Analysis by Oliver Darcy, CNN

(CNN) — If it wasn’t clear why the Republican Party selected Fox News to host the first pair of its presidential primary debates, perhaps it made a little more sense after watching the first two-hour melee Wednesday night.

The debate had all the hallmarks of the right-wing channel’s programming, with moderators Bret Baier and Martha MacCallum even choosing to kick off the night by playing a video of the viral conservative anthem “Rich Men North of Richmond” and then quizzing the field about the song.

“Governor [Ron] DeSantis, why is this song striking such a nerve in this country right now? What do you think it means?” MacCallum asked in the opening question of the evening.

That’s right. The first question wasn’t about former Republican President Donald Trump, indicted four times, about to face arraignment in Georgia in less than 24 hours. It wasn’t about the alarming situation developing out of Russia, where Wagner boss Yevgeny Prigozhin was aboard a plane downed near Moscow. It wasn’t about the devastation from the wildfires in Maui or the existential threat posed by A.I. or the broken health care system or the national debt or the opioid crisis or any one of the number of policy issues the broad swath of the public might be concerned about.

No, the first question was about a song that has rocketed to the top of the Billboard Hot 100 list as a product of the culture wars. That is how Fox News chose to start the all-important debut Republican presidential debate.

That question set the tone for the evening, which largely resembled what one might expect from the channel’s dayside shows, with plenty of commercial breaks in tow. Cities were portrayed as decaying areas rife with crime and homelessness spurred by the pandemic. The notion the US is facing an “invasion” on the southern border was casually floated. And so on and so forth.

No, it wasn’t two hours of Sean Hannity delivering dishonest MAGA propaganda. But, broadly speaking, it also wasn’t two hours of hard-hitting moderating from a pair of anchors who aggressively put the candidates in uncomfortable positions and compelled them to stick to the facts — as annoying as it might be — and answer difficult questions for the public.

Yes, there were some important questions. But there was plenty of filler and a license for much of the night allowing the candidates to evade direct answers and sidestep the issues. It was simply what you’d expect from Fox News. And even when Baier and MacCallum confronted the candidates with some of their more strenuous questions, they themselves appeared to do so reluctantly.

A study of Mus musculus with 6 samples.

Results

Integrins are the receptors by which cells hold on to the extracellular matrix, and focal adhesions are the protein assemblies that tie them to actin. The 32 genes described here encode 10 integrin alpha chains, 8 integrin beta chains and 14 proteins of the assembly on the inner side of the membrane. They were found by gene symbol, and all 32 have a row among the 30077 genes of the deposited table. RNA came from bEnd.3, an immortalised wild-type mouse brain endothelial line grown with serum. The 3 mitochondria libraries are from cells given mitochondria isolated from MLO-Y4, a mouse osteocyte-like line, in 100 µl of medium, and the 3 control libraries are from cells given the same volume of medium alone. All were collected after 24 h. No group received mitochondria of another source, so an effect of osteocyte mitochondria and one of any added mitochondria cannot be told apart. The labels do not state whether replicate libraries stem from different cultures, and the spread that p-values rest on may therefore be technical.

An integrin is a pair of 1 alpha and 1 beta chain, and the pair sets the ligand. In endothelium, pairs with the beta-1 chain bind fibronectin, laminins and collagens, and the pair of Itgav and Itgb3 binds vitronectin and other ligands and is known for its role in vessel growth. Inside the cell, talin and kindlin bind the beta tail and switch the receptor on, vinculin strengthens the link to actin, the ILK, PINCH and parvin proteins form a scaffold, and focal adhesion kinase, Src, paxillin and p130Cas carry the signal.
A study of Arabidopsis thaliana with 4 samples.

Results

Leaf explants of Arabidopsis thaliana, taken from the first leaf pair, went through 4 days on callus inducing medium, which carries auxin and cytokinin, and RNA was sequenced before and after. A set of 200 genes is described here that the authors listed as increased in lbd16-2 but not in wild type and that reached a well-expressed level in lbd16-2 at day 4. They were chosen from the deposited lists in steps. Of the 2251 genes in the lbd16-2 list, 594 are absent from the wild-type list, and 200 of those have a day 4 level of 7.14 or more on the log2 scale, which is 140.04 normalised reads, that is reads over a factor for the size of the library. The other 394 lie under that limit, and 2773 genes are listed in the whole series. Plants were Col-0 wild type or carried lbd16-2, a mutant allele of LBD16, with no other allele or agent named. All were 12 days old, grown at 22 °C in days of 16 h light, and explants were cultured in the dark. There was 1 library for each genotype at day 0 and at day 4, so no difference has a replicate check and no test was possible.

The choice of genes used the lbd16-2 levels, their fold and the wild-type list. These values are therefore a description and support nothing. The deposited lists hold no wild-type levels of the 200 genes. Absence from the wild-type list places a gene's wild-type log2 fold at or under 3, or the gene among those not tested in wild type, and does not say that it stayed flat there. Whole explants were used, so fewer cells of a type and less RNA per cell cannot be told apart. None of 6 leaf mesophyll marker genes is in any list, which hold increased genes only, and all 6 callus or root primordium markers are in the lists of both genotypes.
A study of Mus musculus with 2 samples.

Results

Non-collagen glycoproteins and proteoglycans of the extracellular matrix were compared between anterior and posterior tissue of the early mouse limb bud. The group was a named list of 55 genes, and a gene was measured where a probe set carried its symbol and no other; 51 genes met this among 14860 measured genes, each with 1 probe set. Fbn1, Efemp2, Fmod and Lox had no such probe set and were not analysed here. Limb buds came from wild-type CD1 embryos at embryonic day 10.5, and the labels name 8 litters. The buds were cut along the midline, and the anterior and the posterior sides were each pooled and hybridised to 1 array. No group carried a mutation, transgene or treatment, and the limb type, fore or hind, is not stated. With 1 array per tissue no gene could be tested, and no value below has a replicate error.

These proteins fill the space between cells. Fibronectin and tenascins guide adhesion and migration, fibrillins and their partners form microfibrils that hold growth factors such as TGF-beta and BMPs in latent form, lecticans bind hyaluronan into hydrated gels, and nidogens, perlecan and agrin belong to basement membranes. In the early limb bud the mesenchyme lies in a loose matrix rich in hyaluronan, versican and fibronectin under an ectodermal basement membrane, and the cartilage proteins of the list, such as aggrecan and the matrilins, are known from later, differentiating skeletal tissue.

Take the issue of Trump, a topic that went noticeably unaddressed for nearly the first hour of the debate. Baier and MacCallum didn’t force the candidates to grapple with the disgraced former president, who holds a commanding lead over the GOP field and continues to exert a firm grip over the Republican Party, until practically the second half. Then, after only about 10 minutes of addressing the “elephant not in the room,” as Baier put it, the moderators attempted to move the conversation along to another topic.

“As promised, we were going to spend a few questions on it. Let people say what they wanted to say,” MacCallum said, effectively uttering the quiet part aloud. “And now we indeed are moving on.”

It displayed for the world that pressing the candidates on the ugly state of affairs inside the Republican Party was a chore that Fox News simply did not wish to perform. The manner in which the moderators treated the whole affair was reminiscent of a parent forcing their child to eat a few bites of their broccoli before letting them dig into the quart of ice cream sitting in the freezer. They knew they couldn’t totally avoid the topic, so they worked to quickly check the box and move on.

Of course, it is clear why Fox News preferred to avoid the topic of Trump. He notably skipped the debate and actively tried to upstage it by participating in counter-programming with the network’s fired host, Tucker Carlson.

But, perhaps more importantly, the Fox News audience still very much adores Trump. Pitting Republicans against him doesn’t play well with the network’s fans. Certainly confronting the ugly reality of the January 6 insurrection and the mountain of lies that the former president told about the 2020 election doesn’t go over well either.

So, instead, Fox did what it does best, moving on from Trump controversies while still making time for a “lightning round” that included a question about UFOs. Suffice to say, the network has not forgotten the motto that guided it in the wake of the 2020 election: respect the audience.